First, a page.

In the U.S., car accidents are the leading cause of death for children under the age of 18. According to the National Highway Traffic Safety Administration, many child fatalities caused by car accidents can be prevented with proper child safety restraints.



Child Safety Restraints

According to the Centers for Disease and Prevention Control, 602 children under age 12 died in motor vehicle accidents in 2014, and more than 121,300 children were seriously injured. Studies show that over 600,000 children under age 12 have traveled in a car at least once without any type of safety restraints. Almost 40 percent of child fatalities involve children who are not properly contained or wearing any type of safety restraint.

Child safety restraints, car seats, booster seats and seat belts, should be appropriate for a child’s age, weight and height to reduce the risk of injuries and fatalities in car accidents. A car accident lawyer Illinois commonly sees the use of restraints that are not age appropriate.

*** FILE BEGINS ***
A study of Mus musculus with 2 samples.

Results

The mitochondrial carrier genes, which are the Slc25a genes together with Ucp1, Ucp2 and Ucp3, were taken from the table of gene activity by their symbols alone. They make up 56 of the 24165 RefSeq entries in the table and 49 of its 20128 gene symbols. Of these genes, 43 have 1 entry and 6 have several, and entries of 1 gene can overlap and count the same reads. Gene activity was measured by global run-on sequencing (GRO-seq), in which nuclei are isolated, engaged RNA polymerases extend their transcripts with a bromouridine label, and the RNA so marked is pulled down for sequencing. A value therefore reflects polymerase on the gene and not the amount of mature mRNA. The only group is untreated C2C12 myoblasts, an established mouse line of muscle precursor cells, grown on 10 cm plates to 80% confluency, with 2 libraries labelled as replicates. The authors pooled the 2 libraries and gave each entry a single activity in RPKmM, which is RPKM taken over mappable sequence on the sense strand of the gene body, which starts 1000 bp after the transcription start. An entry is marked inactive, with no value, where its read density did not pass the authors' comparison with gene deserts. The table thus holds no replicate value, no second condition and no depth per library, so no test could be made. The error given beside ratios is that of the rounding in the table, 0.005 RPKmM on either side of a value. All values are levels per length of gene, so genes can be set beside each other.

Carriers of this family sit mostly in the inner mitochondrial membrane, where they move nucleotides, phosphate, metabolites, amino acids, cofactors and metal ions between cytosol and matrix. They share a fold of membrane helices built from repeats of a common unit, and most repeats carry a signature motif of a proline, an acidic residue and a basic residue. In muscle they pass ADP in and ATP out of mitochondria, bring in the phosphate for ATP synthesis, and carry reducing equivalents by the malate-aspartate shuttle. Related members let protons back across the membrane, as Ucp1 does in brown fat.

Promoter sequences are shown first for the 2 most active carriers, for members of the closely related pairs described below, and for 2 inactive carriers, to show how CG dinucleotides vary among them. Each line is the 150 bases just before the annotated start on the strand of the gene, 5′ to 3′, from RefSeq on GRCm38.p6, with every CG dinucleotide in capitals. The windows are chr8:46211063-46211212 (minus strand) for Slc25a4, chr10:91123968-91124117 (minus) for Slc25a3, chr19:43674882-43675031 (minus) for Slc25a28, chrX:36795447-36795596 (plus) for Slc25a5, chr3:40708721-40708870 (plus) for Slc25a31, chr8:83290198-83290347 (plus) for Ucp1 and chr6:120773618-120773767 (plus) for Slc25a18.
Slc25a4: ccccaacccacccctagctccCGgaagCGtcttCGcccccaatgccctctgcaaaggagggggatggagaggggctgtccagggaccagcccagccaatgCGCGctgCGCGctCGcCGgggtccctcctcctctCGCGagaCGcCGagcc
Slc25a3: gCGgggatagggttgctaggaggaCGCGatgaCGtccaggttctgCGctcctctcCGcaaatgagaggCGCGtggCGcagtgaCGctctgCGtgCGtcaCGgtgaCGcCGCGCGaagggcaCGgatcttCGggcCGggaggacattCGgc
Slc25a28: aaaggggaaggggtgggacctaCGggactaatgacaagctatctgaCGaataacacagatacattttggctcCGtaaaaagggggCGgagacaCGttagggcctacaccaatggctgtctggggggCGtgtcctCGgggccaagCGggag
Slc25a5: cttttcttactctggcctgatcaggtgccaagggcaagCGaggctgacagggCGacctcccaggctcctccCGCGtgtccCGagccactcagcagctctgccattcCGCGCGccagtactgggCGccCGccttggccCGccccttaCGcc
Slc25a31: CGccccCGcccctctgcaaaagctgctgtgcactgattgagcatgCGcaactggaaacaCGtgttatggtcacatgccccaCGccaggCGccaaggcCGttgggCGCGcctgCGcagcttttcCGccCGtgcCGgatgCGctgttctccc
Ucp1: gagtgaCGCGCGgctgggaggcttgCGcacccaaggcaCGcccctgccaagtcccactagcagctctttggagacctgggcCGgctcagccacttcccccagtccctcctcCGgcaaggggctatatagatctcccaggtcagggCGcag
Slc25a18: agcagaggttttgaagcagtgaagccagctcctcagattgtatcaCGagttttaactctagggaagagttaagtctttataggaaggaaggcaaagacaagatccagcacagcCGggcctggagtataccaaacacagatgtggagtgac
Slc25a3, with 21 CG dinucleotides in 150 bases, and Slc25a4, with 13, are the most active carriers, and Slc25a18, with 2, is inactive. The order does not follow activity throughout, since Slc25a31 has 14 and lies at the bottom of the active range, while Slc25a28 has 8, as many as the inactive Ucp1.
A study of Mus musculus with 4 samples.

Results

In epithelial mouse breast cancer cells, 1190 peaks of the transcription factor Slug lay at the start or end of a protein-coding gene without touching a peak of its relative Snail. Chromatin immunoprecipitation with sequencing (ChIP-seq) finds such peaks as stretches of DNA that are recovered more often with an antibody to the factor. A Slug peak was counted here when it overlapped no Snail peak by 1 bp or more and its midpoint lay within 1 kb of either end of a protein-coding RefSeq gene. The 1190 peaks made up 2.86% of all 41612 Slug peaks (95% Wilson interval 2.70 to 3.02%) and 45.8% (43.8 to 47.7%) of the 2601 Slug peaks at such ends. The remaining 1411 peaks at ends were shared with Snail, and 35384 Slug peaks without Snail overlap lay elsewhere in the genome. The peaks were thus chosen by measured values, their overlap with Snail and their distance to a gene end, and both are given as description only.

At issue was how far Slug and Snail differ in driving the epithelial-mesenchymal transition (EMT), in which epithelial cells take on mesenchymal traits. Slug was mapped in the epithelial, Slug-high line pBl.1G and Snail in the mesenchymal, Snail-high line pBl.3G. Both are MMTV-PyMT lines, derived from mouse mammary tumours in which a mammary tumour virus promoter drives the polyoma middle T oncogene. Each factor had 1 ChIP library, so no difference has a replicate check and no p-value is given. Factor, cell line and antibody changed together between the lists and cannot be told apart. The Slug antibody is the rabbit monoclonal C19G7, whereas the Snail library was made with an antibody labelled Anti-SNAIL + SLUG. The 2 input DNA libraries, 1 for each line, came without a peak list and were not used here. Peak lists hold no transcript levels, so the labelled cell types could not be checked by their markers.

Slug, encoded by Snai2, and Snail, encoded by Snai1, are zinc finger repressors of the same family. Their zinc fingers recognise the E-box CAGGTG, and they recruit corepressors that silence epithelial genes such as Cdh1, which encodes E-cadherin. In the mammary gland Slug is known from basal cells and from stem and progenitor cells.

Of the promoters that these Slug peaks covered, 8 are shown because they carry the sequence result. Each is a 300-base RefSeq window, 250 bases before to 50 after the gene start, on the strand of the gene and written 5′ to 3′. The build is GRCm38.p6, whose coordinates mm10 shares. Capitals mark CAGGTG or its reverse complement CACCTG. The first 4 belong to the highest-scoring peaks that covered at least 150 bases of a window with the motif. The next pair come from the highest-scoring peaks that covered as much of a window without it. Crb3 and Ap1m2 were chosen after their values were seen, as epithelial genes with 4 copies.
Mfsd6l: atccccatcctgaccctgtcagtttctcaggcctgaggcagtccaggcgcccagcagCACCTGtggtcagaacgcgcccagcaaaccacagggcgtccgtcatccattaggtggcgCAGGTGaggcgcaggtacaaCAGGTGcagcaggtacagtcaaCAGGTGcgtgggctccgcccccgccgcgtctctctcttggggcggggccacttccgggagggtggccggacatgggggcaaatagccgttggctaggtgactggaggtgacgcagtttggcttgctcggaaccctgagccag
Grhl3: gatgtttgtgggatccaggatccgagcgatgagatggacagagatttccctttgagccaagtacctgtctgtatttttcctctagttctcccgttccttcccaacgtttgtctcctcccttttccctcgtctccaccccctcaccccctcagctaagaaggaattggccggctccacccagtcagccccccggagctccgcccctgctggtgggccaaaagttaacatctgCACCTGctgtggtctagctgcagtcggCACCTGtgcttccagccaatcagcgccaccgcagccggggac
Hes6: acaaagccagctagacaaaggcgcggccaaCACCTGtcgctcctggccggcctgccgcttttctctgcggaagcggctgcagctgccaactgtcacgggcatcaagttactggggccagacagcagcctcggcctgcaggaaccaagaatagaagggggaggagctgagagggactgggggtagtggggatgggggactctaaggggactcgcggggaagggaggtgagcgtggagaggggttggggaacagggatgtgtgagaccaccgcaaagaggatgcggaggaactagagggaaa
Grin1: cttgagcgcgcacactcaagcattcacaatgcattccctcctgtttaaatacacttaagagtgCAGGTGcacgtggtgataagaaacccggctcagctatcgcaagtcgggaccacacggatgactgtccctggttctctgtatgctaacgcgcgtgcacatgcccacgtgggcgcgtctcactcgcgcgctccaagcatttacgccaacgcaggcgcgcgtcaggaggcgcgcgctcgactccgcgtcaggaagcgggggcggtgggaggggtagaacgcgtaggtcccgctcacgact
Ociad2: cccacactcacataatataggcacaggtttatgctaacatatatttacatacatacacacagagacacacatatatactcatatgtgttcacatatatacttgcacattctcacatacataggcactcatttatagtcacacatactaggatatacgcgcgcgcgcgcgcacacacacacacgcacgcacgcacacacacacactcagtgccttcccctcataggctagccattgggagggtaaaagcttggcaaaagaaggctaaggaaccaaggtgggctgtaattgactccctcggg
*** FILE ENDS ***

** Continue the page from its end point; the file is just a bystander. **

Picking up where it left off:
• Car Seats – Studies show that fatalities to infants under age one are reduced by 70 percent with proper car seats. Infants who weight less than 20 pounds, or are under age one, should be placed in a rear-facing car seat in the back seat of the car.
  • Booster Seats – Booster seats are recommended for children aged 4 to 8. In Illinois, the Child Passenger Protection Act requires that all children under the age of 8 must be protected by an appropriate safety restraint system.
  • Seat Belts – Seat belts are recommended for most children over 8 years old. For maximun safety, children should ride in the back of a car, in the middle seat. Properly fitted seat belts reduce child fatality risks in car accidents by 50 percent.

Illinois Child Safety Laws

According to Illinois laws, children riding in cars must be safely and properly restrained by car seats, booster seats or seat belts. In addition, children under the age of 6 may not be left unattended in a motor vehicle, unless they’re accompanied by a person who is 14 years old or older.

Violations of Illinois child safety laws are considered a Class A misdemeanor and can result in up to one year in jail and $2,500 in fines. Subsequent violations are considered felonies that require legal representation by a car accident lawyer Illinois. Felony convictions have prison terms from two to ten years and fines of up to $25,000.